A co-worker surprised me Monday morning. She’d just been to Disneyland, and, motioning to my desk, said she’d be bringing me a gift “for my collection” later in the week. What was she was talking about?
I looked at my desk after she left: Okay, there are the two Littlest Pet Shop dogs, a metal pencil sharpener motorcycle, a chomping Scooby Doo head that rolls, a wind-up jumping alligator, some oddly shaped pig that spins, a squishy green dragon, a chomping Finding Nemo shark, a spinning flower (I rescued that one from the garbage), a rainforest frog with big hands, a gigantic skeleton pen (come to think of it, also destined for the garbage), and a SpongeBob happily riding on a jellyfish. Does that sound like a “collection?”
I also have approximately 60 stickers that I’ve removed from apples and adhered to the underside of my desk. Is that a collection too?
I’m really not so sure, in part because I used to have a proper collection of miniature grand pianos. I was so into collecting them that even my wedding cake was in the shape of a grand piano. I would’ve added it to the collection, but the wedding guests ate it. To me, the pianos warranted the “collection” term because it was a group of like things, because I actively searched for additions to the collection, and I was very particular about what I added. An upright piano simply did not fit, as delightful as it might be, nor did a miniature banjo. I was unhappy if there was no bench to go with a grand piano.
Collections are serious business. The odds and sods on my desk, on the other hand, are simply a pile of toys, and I a lowly consumer, not a collector.
To my way of thinking, a person must be engaged in the act of collecting to be a collector. I ceased deserving the title when I stopped purchasing more pianos and stopped receiving any as gifts. But with my colleague’s new light cast upon my desk assortment, I had to ask myself: do I actively pursue items to add? And the answer was Yes: at a garage sale I had purchased a smiling, monkey-like character, that spins around on the end of a pencil, and added it to my menagerie. And the day after the pile of odds and sods on my desk was termed “collection,” I discovered the new addition from my co-worker: a Shrek bobblehead. He fit right in.
Suddenly I realized: my co-worker saw these random tactile diversions on my desk as a toy collection. Of course. Yet after the miniature pianos began taking over my living space, I swore I would no longer be a “collector” of anything. So at what point do we consider a person a “collector,” a group of things a “collection,” or the act of purchasing, “collecting?”
I decided to consult an expert. Chris Hamilton, a Canadian children’s entertainer, artist, and art educator, is a collector of Star Wars memorabilia. Hamilton received his first four Star Wars figurines (Chewbacca, Princess Leia, Luke Skywalker, and R2-D2) at the age of four as gifts from his parents returning from a trip to Toronto. He didn’t even recognize the characters. Thirty years later, his original and now wiggly Chewbacca has been joined by over 300 other figurines, along with vehicles and playsets.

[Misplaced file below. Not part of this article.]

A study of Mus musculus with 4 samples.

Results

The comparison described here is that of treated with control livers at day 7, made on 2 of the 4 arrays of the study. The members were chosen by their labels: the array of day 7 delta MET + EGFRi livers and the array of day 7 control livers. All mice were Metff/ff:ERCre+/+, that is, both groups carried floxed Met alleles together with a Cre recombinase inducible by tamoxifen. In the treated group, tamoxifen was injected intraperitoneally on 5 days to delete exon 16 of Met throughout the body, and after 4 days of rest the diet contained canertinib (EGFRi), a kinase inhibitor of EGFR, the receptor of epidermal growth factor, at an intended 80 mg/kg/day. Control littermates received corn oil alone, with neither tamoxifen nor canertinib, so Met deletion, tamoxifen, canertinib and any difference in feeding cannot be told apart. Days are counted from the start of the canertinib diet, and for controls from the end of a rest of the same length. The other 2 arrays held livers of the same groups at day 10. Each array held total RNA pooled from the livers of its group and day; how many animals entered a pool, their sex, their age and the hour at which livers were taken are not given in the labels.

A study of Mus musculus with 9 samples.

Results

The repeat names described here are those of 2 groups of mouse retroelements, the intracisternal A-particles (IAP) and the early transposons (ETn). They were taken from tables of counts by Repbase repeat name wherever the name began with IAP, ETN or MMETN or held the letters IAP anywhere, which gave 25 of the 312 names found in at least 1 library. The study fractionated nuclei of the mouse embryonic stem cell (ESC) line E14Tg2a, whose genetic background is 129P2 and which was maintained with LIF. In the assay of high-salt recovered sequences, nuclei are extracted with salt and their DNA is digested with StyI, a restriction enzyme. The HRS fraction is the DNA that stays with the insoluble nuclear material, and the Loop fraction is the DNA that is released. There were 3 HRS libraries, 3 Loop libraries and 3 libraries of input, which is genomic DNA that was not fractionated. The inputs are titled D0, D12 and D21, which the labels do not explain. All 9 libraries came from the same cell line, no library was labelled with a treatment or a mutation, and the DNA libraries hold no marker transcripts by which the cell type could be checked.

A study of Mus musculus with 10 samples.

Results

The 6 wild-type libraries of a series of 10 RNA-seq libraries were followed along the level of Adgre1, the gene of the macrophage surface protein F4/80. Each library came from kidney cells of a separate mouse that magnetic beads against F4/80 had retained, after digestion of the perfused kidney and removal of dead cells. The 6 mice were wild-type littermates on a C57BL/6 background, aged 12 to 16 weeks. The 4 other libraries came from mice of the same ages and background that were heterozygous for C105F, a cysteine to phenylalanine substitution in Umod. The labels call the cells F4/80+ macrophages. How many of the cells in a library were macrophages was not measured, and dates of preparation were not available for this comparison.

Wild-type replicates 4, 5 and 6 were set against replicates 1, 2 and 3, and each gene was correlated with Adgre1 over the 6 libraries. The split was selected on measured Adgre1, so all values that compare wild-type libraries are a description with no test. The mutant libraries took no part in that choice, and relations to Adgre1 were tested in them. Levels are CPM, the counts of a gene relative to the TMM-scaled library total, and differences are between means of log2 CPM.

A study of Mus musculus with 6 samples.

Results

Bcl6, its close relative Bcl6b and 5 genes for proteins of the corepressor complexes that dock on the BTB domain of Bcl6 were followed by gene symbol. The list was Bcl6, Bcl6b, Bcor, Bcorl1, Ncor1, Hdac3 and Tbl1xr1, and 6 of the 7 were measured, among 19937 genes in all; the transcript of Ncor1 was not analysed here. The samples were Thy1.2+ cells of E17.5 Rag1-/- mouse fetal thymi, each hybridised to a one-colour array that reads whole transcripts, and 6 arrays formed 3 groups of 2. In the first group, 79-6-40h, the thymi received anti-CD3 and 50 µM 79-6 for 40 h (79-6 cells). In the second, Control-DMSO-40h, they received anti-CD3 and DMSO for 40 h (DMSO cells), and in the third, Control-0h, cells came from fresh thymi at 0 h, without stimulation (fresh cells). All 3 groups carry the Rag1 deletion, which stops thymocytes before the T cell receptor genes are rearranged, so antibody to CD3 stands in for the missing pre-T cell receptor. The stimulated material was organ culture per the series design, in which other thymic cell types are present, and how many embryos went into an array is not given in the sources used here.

Hamilton says collecting has a hunter and gatherer element to it: looking for the item at flea markets and yard sales for the best possible price is a large part of the fun. He readily admits to being a collector, though lately he has slowed down his acquisitions. “After doing the math,” he explains, laughing, “I got depressed how much money I might have spent.” He adds, “I bought two [figurines] in the last year. I haven’t been too thrilled with the ones they’ve been putting out since the movies ended.”
He knows what an authentic collector is not, too Someone buying a bunch of somethings off the internet without having to search for specific items doesn’t meet the grade, nor does someone who pays top dollar for a new bunch of items. And the number of items has some importance: if it’s a group of Cadillacs, 10 are a collection. But for children’s toys to be considered a collection? Hamilton says it takes 50 toys that are somehow connected. I find that reassuring.
Collectors collect all sorts of things. Bandaids, carrots, toast portraits of famous people, coat hangers, barf bags, and navel fluff stand out among the weirdest. Why do we collect? For Chris, it’s the nostalgia, the thrill of the hunt, the stories that accompany each piece in the collection. Now, why someone would collect navel fluff is a mystery to me, but then, I’m not a collector. When the whimsical, tactile diversions on my desk begin to take over my work space, perhaps then I’ll admit I’ve returned to the world of collecting. Until then I’m going to blithely eat my apple a day, add to my stickers, and play with my toys.